Other People’s Gardens: The Innovations of Russell Page
The legend of Russell Page, one of the world’s most famed garden architects, began with a local horse show in the plains of east England. Unimpressed with the stallions and showmanship, the quiet, shy fourteen-year-old wandered off towards the merchants’ stalls. Out of the corner of his eye, he spotted a tiny pot-grown Bellflower plant, with gorgeous royal-purple blossoms and delicate leaves. It was love at first sight: he purchased the plant for one shilling, and proceeded to borrow every gardening book he could get his hands on from the public library. Page thought he wanted to be a painter, and when he came of age, he left for London’s Slade School of Art. He eventually dropped out, but his schooling left an undeniable imprint on the horticultural artwork he created for his clients. Writing about his approach to garden design in his 1994 book The Education of a Gardener, Page describes his gardening philosophy in artistic terms, designing his masterpieces “just like one of those black-japanned tin boxes of water-colours…my art gallery of natural forms…my palette.” Indeed, Page’s most famous landscapes – the viewing garden at the Frick museum, the Donald M. Kendall Sculpture Gardens at the PepsiCo World Headquarters in Purchase, NY, and the luxuriant villas of San Liberato and La Landriana in Italy – derive their beauty from the careful attention to structure and form which can only come from an artistic understanding of the garden.
Page never had a garden of his own; rather, he vicariously claimed ownership of his clients’ paradises, outfitting them as he would his own garden. “I have set myself one or two simple rules,” Page writes. “First of all, I try to put myself in my client’s place and imagine that I have to spend the rest of my life with the garden which I am going to lay out – in other words, that I am designing and planting as though for myself.” In laying out his vision for his own hypothetical, personal garden, he describes a desire for a panorama and a garden existing simultaneously in an unassuming hollow. Despite his adoration of the luxuriant French garden, Page wanted his works to reinforce and honor gardening as “a most intimate pleasure,” a return to nature. Man-made forms– such as pools, sculptures, and paths — were not intended as the focus of his gardens. For Page, the real sculptures were the trees and flowers, arranged so as to reflect the unpredictability of nature.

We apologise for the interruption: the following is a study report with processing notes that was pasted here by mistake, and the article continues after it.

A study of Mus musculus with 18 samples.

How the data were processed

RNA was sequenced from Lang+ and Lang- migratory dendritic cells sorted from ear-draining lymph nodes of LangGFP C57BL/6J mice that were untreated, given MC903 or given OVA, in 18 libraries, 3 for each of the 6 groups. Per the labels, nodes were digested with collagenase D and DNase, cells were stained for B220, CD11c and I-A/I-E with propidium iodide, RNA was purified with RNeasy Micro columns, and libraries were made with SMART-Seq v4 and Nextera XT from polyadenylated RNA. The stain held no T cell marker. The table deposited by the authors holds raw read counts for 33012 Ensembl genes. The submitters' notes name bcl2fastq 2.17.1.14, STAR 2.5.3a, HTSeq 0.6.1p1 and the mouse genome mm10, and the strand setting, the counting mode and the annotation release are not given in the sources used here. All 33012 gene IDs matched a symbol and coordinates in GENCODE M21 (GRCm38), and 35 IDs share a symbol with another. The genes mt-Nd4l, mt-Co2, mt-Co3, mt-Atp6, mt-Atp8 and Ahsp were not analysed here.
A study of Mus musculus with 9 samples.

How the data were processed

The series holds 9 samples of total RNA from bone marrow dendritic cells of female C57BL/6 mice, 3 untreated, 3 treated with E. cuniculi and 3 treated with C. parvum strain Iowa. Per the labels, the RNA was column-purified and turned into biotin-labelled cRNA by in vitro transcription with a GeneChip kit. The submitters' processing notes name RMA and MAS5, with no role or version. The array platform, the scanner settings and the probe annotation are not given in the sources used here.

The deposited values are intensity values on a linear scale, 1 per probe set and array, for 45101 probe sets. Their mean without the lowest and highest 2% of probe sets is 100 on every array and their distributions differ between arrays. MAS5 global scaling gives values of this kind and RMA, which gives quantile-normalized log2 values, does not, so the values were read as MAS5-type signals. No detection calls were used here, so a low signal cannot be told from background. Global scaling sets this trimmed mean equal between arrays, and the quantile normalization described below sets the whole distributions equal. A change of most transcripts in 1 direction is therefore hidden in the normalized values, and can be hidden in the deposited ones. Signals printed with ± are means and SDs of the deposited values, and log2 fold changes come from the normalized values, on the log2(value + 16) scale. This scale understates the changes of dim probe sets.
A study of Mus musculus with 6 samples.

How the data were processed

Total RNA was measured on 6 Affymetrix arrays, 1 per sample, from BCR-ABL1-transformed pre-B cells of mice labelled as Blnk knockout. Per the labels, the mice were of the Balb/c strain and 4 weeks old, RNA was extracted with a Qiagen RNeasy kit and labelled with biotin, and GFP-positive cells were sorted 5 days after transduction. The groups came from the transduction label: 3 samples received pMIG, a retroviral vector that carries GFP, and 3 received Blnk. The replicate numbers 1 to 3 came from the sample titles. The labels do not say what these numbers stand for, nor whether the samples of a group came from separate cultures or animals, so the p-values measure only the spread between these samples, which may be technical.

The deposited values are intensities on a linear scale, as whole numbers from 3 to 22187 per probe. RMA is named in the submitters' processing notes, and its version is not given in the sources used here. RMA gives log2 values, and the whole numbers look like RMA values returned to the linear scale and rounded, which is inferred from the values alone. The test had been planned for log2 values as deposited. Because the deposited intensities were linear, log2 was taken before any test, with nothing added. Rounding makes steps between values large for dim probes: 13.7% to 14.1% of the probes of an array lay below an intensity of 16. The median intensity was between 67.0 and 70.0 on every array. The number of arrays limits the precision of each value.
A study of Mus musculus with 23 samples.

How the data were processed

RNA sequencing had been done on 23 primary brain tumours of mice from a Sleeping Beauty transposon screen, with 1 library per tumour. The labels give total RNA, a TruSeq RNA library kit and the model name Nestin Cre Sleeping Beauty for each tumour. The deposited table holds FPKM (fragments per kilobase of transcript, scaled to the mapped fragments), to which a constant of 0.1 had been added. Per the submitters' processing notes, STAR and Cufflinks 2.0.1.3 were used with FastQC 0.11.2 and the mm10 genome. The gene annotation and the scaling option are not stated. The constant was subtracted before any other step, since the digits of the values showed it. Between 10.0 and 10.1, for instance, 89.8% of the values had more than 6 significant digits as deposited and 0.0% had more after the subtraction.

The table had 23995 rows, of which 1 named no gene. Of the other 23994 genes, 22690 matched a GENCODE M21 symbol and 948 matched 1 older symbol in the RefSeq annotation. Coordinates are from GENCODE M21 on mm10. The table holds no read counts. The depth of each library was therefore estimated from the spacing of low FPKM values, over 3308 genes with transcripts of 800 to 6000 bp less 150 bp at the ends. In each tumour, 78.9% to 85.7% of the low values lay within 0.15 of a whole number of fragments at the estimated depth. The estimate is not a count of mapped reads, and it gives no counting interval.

Upon initial examination, Page’s work appears dissimilar from gardens in Europe and the United States, which begs the question: why does the gardening community hold him in such high regard? After all, most home gardeners paled in spending power to the commissioners of San Liberato and La Landriana, who could afford to outfit their plots with square pools flanked by sphinxes, Doric columns, or garden mazes. Rather, Page’s lasting legacy is thanks to his design principles, tenets which carried the grand tradition of French gardens like Versailles, as well as the austere English garden, into the twentieth century, re-envisioning them through a modernist, post-war prism. He was there to witness the paradigm shift in how Europeans viewed their gardens pre-and-post-war (World War II dealt a huge blow to how Europeans viewed both public and private gardens; many landowners who’d suffered financial losses during the war fired workers and saw their Edens fall into a state of disrepair), and understood the importance of function, not just finesse. His resulting masterpieces, therefore, presented the modern garden as a seamless integration of tradition and innovation, somewhere between a Romantic painting and an idyllic, untouched paradise.